The Big Ten has their new commissioner

Good morning! In case you missed it yesterday afternoon, I dropped a podcast on the history and aftermath of the Black 14 protests. It’s not going anywhere, so if you’re interested at all in politics, religion, or college football in the intermountain west, you may enjoy it.

But we’ve got plenty to talk about now. The big story?

The Big Ten has selected their next commissioner

Current Big Ten commissioner Jim Delaney is retiring, and the league announced a press conference for Tuesday at 11 CST to announce his replacement. It’ll be on BTN and everything.

When I got the email, I assumed, along with lots of other local media types here, that the league would hire Northwestern AD Jim Phillips. Nobody knows the ins and outs of the conference better, he’s respected by his peers, he built a solid athletic department at a place where that’s very hard to do, and given the relative brevity of the search, selecting a more well-known candidate made sense. Hell, he wouldn’t even have to move!

But now multiple reports indicate that the league is actually hiring Kevin Warren, the current COO for the Minnesota Vikings.

This is a major surprise. If you asked me to write out 25 possible candidates, I’m not sure Warren would have made the list. He’s not a Big Ten guy (he attended Penn and has degrees from Grand Canyon, Arizona State and Notre Dame). He’s not a lifelong college athletics administrator. He’s a bigshot lawyer who has spent the last two decades or so in the NFL. That’s almost as outsidery as you can get.

He would also be, I believe, the first African-American P5 conference commissioner. Given the enormous weight the Big Ten holds even among P5 leagues, that’s not nothing. Keith Gill, who was recently named the Sun Belt commissioner, was the first African-American to become an FBS conference commissioner.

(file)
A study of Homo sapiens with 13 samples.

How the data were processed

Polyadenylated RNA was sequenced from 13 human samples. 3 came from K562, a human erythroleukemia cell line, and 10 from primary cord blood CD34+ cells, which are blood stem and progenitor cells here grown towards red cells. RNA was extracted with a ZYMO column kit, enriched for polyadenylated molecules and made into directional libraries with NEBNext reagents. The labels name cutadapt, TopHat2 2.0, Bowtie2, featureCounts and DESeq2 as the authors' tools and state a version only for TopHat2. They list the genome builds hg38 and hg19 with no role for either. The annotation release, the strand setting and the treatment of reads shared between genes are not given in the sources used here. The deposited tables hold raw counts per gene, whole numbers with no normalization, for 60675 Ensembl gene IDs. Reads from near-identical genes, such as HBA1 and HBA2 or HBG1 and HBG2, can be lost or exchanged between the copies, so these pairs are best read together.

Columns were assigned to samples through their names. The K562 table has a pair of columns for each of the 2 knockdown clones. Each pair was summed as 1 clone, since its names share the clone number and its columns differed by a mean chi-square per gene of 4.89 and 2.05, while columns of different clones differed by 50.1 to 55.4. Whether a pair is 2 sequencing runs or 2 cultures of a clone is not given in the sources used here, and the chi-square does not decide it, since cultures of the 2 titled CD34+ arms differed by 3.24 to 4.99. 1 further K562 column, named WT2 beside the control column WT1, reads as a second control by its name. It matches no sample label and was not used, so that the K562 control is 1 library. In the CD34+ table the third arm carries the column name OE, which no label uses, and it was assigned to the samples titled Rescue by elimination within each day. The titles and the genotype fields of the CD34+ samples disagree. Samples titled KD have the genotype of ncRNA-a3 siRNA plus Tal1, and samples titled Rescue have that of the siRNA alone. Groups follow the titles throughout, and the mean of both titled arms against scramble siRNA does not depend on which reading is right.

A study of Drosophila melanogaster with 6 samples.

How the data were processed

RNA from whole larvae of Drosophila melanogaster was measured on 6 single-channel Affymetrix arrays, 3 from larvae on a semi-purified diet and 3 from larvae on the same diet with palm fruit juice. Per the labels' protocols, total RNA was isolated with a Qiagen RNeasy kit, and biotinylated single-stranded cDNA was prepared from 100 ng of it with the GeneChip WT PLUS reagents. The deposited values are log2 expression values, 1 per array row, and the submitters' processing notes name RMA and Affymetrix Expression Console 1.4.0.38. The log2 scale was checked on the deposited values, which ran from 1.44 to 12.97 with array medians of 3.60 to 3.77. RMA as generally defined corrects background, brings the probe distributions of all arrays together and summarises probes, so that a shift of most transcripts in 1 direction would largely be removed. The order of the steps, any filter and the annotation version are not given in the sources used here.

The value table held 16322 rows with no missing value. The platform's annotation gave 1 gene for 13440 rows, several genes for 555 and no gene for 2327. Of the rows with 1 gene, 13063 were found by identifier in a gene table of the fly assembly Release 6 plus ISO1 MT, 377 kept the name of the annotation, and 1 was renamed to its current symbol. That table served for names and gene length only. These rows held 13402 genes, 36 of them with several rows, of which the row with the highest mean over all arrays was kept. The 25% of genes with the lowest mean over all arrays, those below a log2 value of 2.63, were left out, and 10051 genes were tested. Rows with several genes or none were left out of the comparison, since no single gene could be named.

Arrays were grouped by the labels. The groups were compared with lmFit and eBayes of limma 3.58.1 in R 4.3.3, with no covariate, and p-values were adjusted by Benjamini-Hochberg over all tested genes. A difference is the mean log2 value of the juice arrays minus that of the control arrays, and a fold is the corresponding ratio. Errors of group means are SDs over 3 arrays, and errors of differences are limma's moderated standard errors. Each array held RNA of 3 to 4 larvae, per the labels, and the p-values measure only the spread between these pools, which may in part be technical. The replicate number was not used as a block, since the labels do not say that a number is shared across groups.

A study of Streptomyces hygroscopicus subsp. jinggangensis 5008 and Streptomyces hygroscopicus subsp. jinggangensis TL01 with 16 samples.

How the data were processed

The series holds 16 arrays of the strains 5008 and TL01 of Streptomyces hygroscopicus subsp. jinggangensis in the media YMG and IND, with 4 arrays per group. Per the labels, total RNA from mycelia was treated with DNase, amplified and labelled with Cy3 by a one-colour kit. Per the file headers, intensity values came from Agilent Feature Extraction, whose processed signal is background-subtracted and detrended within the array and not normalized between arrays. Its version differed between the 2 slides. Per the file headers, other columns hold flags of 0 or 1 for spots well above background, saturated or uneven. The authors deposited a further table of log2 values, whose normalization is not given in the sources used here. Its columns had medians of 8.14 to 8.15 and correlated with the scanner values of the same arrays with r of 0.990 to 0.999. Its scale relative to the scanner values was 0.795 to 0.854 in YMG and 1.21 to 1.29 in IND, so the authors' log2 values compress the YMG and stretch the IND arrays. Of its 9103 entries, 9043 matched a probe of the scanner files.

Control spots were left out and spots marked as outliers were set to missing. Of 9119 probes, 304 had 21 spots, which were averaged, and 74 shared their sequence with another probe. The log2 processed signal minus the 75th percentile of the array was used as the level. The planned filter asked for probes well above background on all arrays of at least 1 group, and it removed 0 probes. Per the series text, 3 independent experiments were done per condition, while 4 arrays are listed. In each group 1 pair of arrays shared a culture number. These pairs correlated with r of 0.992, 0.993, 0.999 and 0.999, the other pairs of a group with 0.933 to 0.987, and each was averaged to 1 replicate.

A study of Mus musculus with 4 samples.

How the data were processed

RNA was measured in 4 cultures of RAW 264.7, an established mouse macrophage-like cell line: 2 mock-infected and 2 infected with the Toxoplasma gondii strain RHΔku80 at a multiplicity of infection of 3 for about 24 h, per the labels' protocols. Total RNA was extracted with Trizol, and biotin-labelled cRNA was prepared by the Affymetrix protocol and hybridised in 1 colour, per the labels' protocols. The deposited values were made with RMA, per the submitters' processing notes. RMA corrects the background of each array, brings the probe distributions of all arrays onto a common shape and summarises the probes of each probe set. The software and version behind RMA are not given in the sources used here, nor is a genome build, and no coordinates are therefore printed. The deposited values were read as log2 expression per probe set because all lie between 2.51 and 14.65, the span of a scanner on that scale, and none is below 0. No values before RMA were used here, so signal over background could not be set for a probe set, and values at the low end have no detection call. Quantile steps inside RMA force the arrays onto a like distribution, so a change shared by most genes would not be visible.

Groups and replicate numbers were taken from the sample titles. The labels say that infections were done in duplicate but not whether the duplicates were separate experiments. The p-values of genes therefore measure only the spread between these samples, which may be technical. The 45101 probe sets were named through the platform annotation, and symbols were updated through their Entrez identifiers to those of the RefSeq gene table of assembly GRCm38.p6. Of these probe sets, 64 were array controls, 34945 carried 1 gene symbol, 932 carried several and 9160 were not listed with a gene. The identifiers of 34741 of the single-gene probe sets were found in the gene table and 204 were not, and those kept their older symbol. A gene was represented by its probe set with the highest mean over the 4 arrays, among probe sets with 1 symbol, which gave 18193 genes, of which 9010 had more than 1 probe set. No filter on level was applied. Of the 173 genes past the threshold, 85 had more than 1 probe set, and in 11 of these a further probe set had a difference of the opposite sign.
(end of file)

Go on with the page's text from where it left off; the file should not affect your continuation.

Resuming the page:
I don’t want to opine too much on what this means and whatnot until after tomorrow. I plan to attend the press conference and do a little digging. I’ll just say that on paper, this seems pretty surprising. Warren has a lot of experience on the business side of running an NFL team, but how much of that experience is directly applicable to running a power college athletics conference? I’m not sure.

If there are things you’d like me to ask or would like to know, I’d love to hear from you!

Some bowl games have different league affiliations now

If you’re the kind of person who cares about the historic tradition of uh, the Belk Bowl, I have some bad news for you.

Stadium has the breakdown of some conference affiliation changes with several bowl games. You can check out the whole list if you’re interested, but a few things jumped out to me:

  • The Las Vegas bowl looks to become a much more prestigious and important contest as it moves to the fancy new NFL stadium in town. It’ll feature a Pac-12 and either an SEC/Big Ten opponent, and I imagine those matchups won’t be featuring a 6-6 Cal against 6-6 Minnesota. That’s probably a win for fans, seeing as Vegas is a pretty cheap flight in December, and good for the Pac-12, who will want to develop even closer ties to the city as an event destination. The old Las Vegas Bowl, featuring the MWC and Pac-12, will be the new Los Angeles Bowl.

  • Speaking of the MWC, that LA bowl may very well end up being their only bowl shot at a P5 school. Their other games, like the Hawaii Bowl, the Idaho Potato Bowl, New Mexico Bowl and Arizona Bowl, will be against G5 competition. While the American could potentially get a half-dozen shots at P5 teams. The top teams in the MWC, especially now, are better than lots of mediocre ACC or Big Ten teams, and it kinda sucks that they (or teams from the Sun Belt, MAC, etc) will rarely get postseason opportunities to prove it.

  • lmao the Pac-12 now has a tie-in with the Independence Bowl, meaning we get to send Stanford or Cal fans to Shreveport. This is a delight.

FloSports just got a bunch more money

You may remember FloSports as the streaming platform that will be the primary rightsholder for the CAA. They also stream some MLS games (to uh, mixed reviews) and a slew of tiny niche sports you’ve probably never heard of.

They’d like to become a bigger player in the world of sports, and now they have a bunch more money to try and do it. Specifically, $47 million more monies.

FloSports has been linked to potentially other MLS deals, and maybe they’ll use this money to try and more aggressively pursue other college options. There aren’t a ton of rights hitting the market in the near future though, unless FloSports decides to overpay for another mid or low-major, like the CAA.

There’s plenty more demand for online streaming of sporting events, but there’s also plenty of competition.

If you’re a CAA fan, you can take some measure of comfort in knowing that FloSports, at the very least, isn’t likely to vanish in the next few years.